The BC Drug and Poison Information Centre: An essential clinical resource and public health partner

Poisonings have a significant impact on the health of people in BC. In 2022, there were more than 2000 poisoning deaths due to the toxic illicit drug supply alone.[1] All age groups are at risk of poisoning, but the types of poisonings change over the lifespan. Exploratory ingestion of household products or medications is most common in young children. For adolescents, poisoning due to experimental or impulsive use of alcohol, medications, and other substances is more common. Poisonings due to self-harm are a significant cause of injury in adolescents and younger adults. Among older adults, prescription and other medication errors become more common.

Poison control centres are a clinical service that provide expertise in the management of poisonings for the public and health care providers. Although there are limited Canadian data on their cost-effectiveness, a comprehensive review in the United States found that each $1 spent on poison control centres saves over $13 in other health care costs.[2] The BC Drug and Poison Information Centre (DPIC) is the regional poison control service for BC and Yukon, and it has been located at the BC Centre for Disease Control (BCCDC) since 2012. The DPIC is staffed by specialists in poison information who are nurses and pharmacists certified by the American Association of Poison Control Centers. The DPIC is also supported by physicians specializing in emergency medicine and toxicology. There are multiple DPIC programs:

  • A 24/7 consultation phone service for the public and health care professionals (604 682-5050 or 1 800 567-8911).
  • A weekday drug information phone service for health care professionals to receive expert advice on the safe use of medications (604 707-2787 or 1 866 298-5909).
  • The Poison Management Manual with detailed information to assist in managing acute poisonings from many medications, consumer products, and drugs (available at
  • Public campaigns and educational material to advise the public on poison prevention (available at

The DPIC receives calls about a wide range of poisonings. While most of the outcomes are mild to moderate (over 60% are managed at home), the DPIC also helps emergency room physicians and intensivists manage severe cases. The DPIC’s services are particularly valuable to rural and remote communities, where urgent care can be harder to access.[3] The volume and complexity of poisoning cases managed by the DPIC have increased in recent years [Figure]. In part, this reflects the unregulated drug crisis in BC and resulting morbidity and mortality. Other factors driving the increasing caseload include cannabis legalization, more cases of self-harm among young people, and the growing and aging population.

The DPIC is unique among the five Canadian poison control centres because it is embedded in the BC public health system by being physically and administratively located at the BCCDC. This provides meaningful opportunities for collaboration and cooperation between poison specialists and public health practitioners. For example, the BCCDC routinely monitors for calls related to specific substances that might pose an immediate public hazard needing urgent intervention, such as paralytic shellfish toxins.[4] The close integration between the DPIC and the BCCDC also allows for rapid and effective responses to novel and high-risk toxins, such as aconitine in imported sand ginger.[5] In these cases, the early notification and subsequent support by poison specialists were essential components of the public health response. We encourage all clinicians to consult the DPIC when managing cases of poisoning, promote awareness of the DPIC and the services it offers, and notify the DPIC of any unusual toxic exposures so that public health response can be initiated if needed.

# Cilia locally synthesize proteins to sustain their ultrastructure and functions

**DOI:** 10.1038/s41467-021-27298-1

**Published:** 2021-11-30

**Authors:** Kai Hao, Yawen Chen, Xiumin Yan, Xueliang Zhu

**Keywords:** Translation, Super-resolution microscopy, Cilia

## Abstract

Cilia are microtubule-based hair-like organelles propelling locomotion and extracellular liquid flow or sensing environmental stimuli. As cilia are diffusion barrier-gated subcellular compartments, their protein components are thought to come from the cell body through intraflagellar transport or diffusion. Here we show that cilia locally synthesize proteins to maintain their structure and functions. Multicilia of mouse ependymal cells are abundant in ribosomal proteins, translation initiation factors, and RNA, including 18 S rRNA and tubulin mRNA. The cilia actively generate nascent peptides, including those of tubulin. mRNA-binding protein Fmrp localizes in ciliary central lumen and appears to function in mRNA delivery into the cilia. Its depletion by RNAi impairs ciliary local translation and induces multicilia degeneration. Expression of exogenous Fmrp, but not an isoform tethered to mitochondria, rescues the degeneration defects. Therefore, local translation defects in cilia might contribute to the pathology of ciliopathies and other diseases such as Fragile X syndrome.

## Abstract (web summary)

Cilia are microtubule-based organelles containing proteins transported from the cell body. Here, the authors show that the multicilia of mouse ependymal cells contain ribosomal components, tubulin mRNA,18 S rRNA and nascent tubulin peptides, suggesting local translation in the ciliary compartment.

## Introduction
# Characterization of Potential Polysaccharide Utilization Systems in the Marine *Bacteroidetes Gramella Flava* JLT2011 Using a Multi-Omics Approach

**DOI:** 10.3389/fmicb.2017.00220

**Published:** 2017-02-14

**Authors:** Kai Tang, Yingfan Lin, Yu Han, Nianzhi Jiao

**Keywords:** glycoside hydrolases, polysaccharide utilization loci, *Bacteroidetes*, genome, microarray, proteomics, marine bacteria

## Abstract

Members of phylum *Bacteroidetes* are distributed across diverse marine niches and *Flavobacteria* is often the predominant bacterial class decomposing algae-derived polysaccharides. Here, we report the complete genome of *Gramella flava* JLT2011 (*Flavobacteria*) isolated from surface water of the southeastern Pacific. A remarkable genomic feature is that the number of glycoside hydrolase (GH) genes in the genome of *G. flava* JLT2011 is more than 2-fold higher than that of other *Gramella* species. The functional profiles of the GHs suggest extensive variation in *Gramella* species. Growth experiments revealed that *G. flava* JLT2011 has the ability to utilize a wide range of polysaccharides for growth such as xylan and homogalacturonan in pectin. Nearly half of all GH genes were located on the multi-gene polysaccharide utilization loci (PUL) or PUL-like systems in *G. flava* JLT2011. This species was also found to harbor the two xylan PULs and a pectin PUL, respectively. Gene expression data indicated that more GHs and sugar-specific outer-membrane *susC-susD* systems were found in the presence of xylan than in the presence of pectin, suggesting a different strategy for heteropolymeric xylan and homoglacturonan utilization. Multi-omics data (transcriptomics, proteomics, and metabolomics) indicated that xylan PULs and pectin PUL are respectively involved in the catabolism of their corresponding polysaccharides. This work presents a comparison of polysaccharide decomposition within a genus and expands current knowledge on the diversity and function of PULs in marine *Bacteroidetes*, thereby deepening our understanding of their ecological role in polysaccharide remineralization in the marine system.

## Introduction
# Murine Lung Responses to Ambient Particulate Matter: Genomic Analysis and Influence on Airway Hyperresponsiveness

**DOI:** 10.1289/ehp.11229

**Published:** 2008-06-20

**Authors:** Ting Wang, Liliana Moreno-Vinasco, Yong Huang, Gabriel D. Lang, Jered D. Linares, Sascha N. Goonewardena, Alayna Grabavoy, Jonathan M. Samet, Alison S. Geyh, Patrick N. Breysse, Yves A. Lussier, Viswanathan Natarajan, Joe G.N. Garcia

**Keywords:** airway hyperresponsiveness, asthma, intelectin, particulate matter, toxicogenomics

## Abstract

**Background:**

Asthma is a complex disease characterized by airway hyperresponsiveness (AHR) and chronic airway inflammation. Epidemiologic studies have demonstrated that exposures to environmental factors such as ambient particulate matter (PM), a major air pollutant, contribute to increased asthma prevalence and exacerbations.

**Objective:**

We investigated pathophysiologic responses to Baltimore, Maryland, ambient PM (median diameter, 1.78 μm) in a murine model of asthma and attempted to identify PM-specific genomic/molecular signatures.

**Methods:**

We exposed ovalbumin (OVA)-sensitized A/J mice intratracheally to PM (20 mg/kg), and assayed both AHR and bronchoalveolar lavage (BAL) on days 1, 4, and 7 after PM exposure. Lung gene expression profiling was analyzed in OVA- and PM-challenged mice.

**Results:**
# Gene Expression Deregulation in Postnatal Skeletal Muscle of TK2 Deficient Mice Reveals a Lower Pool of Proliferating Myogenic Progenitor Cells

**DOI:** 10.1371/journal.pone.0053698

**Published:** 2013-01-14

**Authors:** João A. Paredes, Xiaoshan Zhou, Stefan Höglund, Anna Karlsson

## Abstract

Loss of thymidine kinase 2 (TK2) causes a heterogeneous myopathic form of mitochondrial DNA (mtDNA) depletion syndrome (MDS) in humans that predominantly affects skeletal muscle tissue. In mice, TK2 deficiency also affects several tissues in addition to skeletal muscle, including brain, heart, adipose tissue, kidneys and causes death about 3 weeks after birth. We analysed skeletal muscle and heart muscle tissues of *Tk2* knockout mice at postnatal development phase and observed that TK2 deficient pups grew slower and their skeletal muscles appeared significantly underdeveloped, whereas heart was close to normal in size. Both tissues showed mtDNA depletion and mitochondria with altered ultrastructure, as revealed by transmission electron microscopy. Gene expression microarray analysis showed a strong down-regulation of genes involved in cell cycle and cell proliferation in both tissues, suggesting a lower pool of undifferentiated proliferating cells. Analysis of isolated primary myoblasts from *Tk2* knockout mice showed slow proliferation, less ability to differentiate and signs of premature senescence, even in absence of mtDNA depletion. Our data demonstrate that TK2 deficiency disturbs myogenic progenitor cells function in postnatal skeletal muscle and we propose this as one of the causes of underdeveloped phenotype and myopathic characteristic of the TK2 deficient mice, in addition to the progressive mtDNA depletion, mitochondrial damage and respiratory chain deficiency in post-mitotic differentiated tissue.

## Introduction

—David A. McVea, MD PhD
Public Health Physician, Environmental Health Services, BCCDC
—Debra Kent, PharmD, DABAT, FAACT
Clinical Supervisor, BC Drug and Poison Information Centre, BCCDC
Clinical Professor, Faculty of Pharmaceutical Sciences, UBC
—Jeffrey Trieu, MPH
Environmental Health and Knowledge Translation Scientist, Environmental Health Services, BCCDC
—Albert Wong
Data Quality Leader, Environmental Health Services, BCCDC
—Sarah B. Henderson, PhD
Scientific Director, Environmental Health Services, BCCDC


This article is the opinion of the BC Centre for Disease Control and has not been peer reviewed by the BCMJ Editorial Board.


2.    The Lewin Group. Final report on the value of the poison center system. 26 September 2012. Accessed 1 February 2023.

3.    McLean KE, Henderson SB, Kent D, Kosatsky T. Calls to the British Columbia Drug and Poison Information Centre: A summary of differences by health service areas. Online J Public Health Inform 2014;6:e179.

4.    Wan V, McIntyre L, Kent D, et al. Near-real-time surveillance of illnesses related to shellfish consumption in British Columbia: Analysis of poison center data. JMIR Public Health Surveill 2018;4:e17.

5.    Fraser Health. Fraser Health advises public to discard sand ginger powder purchased at Wing Hing Trading Co. Ltd. in Burnaby. 9 March 2022. Accessed 1 February 2023.

David A. McVea, MD, PhD, Debra A. Kent, PharmD, DABAT, FAACT, Jeffrey Trieu, MPH, Albert Wong, Sarah B. Henderson, PhD. The BC Drug and Poison Information Centre: An essential clinical resource and public health partner. BCMJ, Vol. 65, No. 2, March, 2023, Page(s) 62-63 - BC Centre for Disease Control.